Over the last decade or so, solar farms have been popping up across the country. Yet despite their increasing presence, a lot of people aren’t sure how they work or what the benefits can be over time.

Like a lot of new technology, these solar farms appear alongside residential rooftops or commercial solar panels without a lot of knowledge being shared amongst the public. Now, more than ever, solar panels have become more common due to grants and opportunities offered by the government.

Understanding Solar Farms and Their Function

Solar farms are essentially fields or large areas of land where solar panels, also known as photovoltaic (PV) panels, are distributed within that space to take sunlight and heat and turn it into energy. They’ve been increasingly popular in order to generate larger amounts of energy at a time that can be fed into the grid.

The energy generated can be converted into electricity. This enables energy companies to act more sustainably and provide renewable energy for homes and businesses without needing their own source.

What are the different types of solar farms?

There are two very distinct solar farm types that exist in the UK. The first is utility-sale farms, and the other is community-based.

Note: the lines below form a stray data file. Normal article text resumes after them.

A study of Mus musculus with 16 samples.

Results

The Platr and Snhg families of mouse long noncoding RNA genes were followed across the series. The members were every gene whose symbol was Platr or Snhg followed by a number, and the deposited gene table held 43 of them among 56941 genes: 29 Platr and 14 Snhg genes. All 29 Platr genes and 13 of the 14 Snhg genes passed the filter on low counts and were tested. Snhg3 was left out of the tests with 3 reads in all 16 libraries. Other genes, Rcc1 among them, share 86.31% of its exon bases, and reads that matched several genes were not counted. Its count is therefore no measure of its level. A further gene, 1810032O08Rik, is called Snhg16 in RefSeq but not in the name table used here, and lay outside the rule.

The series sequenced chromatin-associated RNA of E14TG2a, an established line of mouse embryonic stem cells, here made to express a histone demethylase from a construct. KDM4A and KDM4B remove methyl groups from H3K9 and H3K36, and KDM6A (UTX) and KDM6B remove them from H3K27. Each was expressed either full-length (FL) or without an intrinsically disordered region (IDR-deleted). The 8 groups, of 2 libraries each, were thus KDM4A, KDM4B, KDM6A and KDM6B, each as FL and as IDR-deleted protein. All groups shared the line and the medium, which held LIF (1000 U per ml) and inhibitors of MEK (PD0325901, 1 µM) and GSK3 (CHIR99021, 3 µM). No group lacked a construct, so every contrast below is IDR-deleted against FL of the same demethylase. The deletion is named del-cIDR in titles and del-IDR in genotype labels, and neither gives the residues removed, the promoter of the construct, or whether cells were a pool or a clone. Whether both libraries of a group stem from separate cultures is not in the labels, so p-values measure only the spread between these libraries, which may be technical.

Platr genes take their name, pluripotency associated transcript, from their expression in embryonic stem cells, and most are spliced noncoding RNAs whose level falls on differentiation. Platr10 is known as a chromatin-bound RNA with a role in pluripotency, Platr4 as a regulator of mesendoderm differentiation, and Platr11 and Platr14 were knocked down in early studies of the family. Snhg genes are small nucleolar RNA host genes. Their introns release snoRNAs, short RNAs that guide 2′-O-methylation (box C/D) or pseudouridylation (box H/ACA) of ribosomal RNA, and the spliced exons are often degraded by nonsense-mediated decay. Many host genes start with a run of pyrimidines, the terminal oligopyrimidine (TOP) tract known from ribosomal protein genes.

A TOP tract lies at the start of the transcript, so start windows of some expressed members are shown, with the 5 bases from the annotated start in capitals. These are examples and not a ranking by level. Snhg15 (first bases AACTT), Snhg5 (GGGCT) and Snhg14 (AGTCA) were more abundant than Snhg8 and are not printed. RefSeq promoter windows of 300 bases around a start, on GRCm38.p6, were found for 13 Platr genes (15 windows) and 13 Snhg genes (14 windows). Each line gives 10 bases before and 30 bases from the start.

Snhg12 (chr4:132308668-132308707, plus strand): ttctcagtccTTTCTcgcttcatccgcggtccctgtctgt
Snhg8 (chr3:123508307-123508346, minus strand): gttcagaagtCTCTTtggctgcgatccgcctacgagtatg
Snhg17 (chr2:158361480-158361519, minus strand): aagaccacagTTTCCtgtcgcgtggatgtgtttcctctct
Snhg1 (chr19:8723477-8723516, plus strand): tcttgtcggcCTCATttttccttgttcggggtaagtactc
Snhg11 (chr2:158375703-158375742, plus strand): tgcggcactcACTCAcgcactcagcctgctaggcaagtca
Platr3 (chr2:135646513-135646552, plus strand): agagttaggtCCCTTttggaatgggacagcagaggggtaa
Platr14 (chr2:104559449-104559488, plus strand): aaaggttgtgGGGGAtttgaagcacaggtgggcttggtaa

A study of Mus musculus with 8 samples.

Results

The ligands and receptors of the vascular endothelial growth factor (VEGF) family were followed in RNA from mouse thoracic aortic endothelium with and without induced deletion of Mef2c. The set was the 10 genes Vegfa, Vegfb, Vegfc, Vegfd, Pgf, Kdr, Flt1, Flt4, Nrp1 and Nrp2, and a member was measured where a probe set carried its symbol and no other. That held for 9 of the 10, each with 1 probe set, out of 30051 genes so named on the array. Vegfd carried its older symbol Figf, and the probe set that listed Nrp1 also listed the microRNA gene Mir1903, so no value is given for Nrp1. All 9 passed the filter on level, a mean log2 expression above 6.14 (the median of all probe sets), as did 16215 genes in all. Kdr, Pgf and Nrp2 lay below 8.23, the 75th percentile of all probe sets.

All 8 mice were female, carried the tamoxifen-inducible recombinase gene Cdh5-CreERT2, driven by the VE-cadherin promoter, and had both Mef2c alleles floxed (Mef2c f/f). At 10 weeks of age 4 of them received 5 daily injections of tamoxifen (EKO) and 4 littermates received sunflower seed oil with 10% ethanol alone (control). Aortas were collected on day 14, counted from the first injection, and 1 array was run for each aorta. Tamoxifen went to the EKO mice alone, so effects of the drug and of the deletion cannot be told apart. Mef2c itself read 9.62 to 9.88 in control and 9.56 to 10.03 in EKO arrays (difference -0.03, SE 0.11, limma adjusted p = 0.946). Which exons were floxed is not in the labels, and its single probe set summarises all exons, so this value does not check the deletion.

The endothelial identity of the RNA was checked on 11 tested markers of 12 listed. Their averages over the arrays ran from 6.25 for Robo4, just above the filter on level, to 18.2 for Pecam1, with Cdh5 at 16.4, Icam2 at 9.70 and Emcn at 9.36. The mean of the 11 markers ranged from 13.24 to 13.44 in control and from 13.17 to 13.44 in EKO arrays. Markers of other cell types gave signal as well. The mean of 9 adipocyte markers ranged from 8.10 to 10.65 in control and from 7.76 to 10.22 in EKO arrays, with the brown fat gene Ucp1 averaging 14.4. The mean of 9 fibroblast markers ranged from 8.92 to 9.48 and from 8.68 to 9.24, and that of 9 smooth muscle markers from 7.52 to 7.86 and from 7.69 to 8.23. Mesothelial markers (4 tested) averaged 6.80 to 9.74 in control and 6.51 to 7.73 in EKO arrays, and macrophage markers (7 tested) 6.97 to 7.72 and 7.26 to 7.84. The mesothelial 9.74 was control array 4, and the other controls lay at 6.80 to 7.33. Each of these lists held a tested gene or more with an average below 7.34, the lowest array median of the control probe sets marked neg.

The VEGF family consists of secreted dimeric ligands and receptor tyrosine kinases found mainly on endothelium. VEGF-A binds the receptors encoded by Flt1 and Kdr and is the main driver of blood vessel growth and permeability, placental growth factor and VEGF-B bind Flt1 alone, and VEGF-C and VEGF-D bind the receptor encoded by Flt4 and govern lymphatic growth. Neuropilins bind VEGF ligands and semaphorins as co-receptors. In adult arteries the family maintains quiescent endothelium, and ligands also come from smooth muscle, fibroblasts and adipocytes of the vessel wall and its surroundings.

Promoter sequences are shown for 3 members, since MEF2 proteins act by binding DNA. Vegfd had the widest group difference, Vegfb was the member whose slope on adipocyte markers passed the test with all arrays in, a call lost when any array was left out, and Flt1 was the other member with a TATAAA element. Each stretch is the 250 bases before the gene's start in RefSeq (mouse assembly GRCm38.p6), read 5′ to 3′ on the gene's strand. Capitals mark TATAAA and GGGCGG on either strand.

Utility-scale solar farms

These types of farms cover larger pieces of land – you might have seen them as you drive through the countryside. The largest solar farm in the UK is Shotwick Solar Park in Wales, covering a whopping 250 acres and producing 72.2MW per year.

Utility-scale solar farms often work with businesses to sell a certain amount of energy to power their businesses and different sites and are owned privately. This is because the amount of energy they create is substantially larger than community solar farms.

Community solar farms

Community solar farms are smaller farms that cater to local homes and businesses. In comparison, these farms typically generate about 5MW per year for those in the community who sign up for the scheme.
Those that do will receive their electricity bills based on how much energy they use within their home. Any excess energy they generate can be sold back to the grid at competitive prices contributing to the overall carbon footprint and climate change.

Environmental and Economic Impact

There have been concerns surrounding the locations of solar farms and the sacrifice of landscapes. However, there are processes in place to assess the impact and benefits before these farms are installed.

Most solar farms are located in rural locations and require the assessment of the area and sunlight. There are also questions about the impact on wildlife and agriculture, yet there is significant evidence that solar farms can help farmers’ incomes and have a positive impact on the economy.


With rising energy costs and a growing global awareness of environmental issues, solar power is more relevant than ever. It’s important that homes and businesses consider switching to solar energy so that the world can survive on clean energy and the planet enjoys a longer lifespan.